And I will put enmity between you and the woman, and between your offspring and hers. Genesis 3:15
I am a daughter of Eve.
The news recently warned people living in the flooded areas of the Mississippi about critters invading their homes when they returned. I think everyone cringed at the thought of coming home from an evacuation to a house with a water moccasin or other dangerous reptile. In our area, before the water pushed downstream to eventually drain into the Gulf, we too had severe flooding. Mike and I were not worried, because the land where we live is high ground, as is much of the farmland. The aftermath of the flooding was limited to some bank erosion and a few washed out trees. No big deal. Then yesterday, Mike came across something that looks like this in an open bag of rye seed.
He killed it, but now I am thinking city life might not be so bad after all! I hate snakes. Even the picture of the snake I posted gives me with willies. And yes, I’ve been to those programs where they try to teach children not to fear them. I’ve held little garter snakes, touched the smooth dry scales of people’s household pets. I know, I KNOW, the majority of snakes are harmless and even good for the environment. I still hate them. With a purple passion!
Kentucky has four types of native poisonous snakes and their habitats vary across the state. There are two types of rattlers, the water moccasin, and the copper head. In nearly thirty years of living in this state, I’ve seen maybe two of the poisonous types. I say maybe, ’cause the water moccasin and copper head have non-poisonous look-alikes that are beneficial snakes. I’m told you can tell the difference by the shape of their head (poisonous snakes have a rather triangular shape) and the shape of their eyes (non-poisonous snakes have round eyes). Uh-huh…like I’m going to say, “Oh, please Mr. Snake…don’t bite me, I just want to look at your eyes and check the shape of your head. Hold still a minute!” No way! I am more the type to see a snake and quickly depart in the opposite direction. Even if it is a garter snake!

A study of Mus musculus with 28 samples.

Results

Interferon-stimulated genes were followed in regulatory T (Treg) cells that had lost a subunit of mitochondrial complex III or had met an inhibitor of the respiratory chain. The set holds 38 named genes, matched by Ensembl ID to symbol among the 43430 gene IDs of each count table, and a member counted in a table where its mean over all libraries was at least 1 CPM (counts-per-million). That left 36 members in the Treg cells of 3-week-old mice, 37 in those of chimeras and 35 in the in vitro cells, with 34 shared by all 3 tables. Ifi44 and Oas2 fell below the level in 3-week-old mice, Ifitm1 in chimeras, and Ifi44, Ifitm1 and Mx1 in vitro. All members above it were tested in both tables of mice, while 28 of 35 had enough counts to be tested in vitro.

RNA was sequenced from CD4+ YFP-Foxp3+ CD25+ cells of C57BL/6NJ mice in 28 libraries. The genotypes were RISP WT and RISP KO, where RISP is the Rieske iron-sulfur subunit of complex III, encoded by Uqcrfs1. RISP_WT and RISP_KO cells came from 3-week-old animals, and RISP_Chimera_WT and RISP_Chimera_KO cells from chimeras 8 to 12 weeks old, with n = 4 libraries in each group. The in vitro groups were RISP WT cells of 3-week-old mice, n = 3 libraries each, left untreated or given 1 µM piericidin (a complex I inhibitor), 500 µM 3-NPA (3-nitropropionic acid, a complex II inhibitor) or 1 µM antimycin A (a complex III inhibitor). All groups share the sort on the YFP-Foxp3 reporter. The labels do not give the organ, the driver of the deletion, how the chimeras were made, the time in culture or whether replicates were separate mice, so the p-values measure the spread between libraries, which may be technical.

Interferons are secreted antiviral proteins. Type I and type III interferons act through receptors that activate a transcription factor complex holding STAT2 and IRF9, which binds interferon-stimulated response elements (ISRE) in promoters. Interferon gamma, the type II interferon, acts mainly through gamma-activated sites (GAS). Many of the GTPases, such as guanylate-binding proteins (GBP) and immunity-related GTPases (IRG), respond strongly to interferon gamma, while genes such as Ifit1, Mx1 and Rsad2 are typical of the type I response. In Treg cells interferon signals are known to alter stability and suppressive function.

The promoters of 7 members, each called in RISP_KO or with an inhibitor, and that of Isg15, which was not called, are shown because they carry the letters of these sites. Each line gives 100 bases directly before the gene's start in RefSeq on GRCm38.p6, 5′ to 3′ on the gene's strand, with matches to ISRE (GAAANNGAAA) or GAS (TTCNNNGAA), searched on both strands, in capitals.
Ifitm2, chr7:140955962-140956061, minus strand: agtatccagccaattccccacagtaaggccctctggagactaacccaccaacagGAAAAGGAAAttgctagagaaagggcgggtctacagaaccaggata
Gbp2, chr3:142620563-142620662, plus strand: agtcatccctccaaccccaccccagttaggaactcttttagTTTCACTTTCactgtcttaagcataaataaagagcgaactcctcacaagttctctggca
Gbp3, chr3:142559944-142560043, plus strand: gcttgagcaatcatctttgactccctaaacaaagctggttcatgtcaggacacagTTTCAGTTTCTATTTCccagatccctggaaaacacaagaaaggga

This is the copper head’s look-alike, the North American Water Snake:
Notice the similar banding, not to mention…it is a snake! He was no where near the water and wasn’t hunting for food on the creek bank. He was in a bag of rye seed with his tail sticking out like an extension cord tossed down on the bags and likely looking for a nice dinner morsel of mouse. Mike would have let him just slither away, he loves all animals, but a copper head in the garage is not a welcome addition. (I’m thinking I’ll never step foot in there again…personally.) So this is what is left of the snake. Note the banding and hourglass shaped copper bands:
Is it a water snake, or is it a copper head?
Mike invited me to come out and see the head of the snake and make my own determination. I declined…almost in tears at the prospect that he might insist.
But here’s the deal. I would rather think it is a water snake that was in the wrong place at the wrong time. I feel safer that way and if I thought it was indeed a copper head, I don’t think I could ever feel safe here again. Yes, I hate snakes that much! I couldn’t even buy a snake-skin belt!
It is hard to believe that a water snake would “climb” the cliff to get into our yard from the creek, though.
I won’t say the only good snake is a dead snake…now…but there is 150 acres on this farm for them to roam. Go play with the coyotes!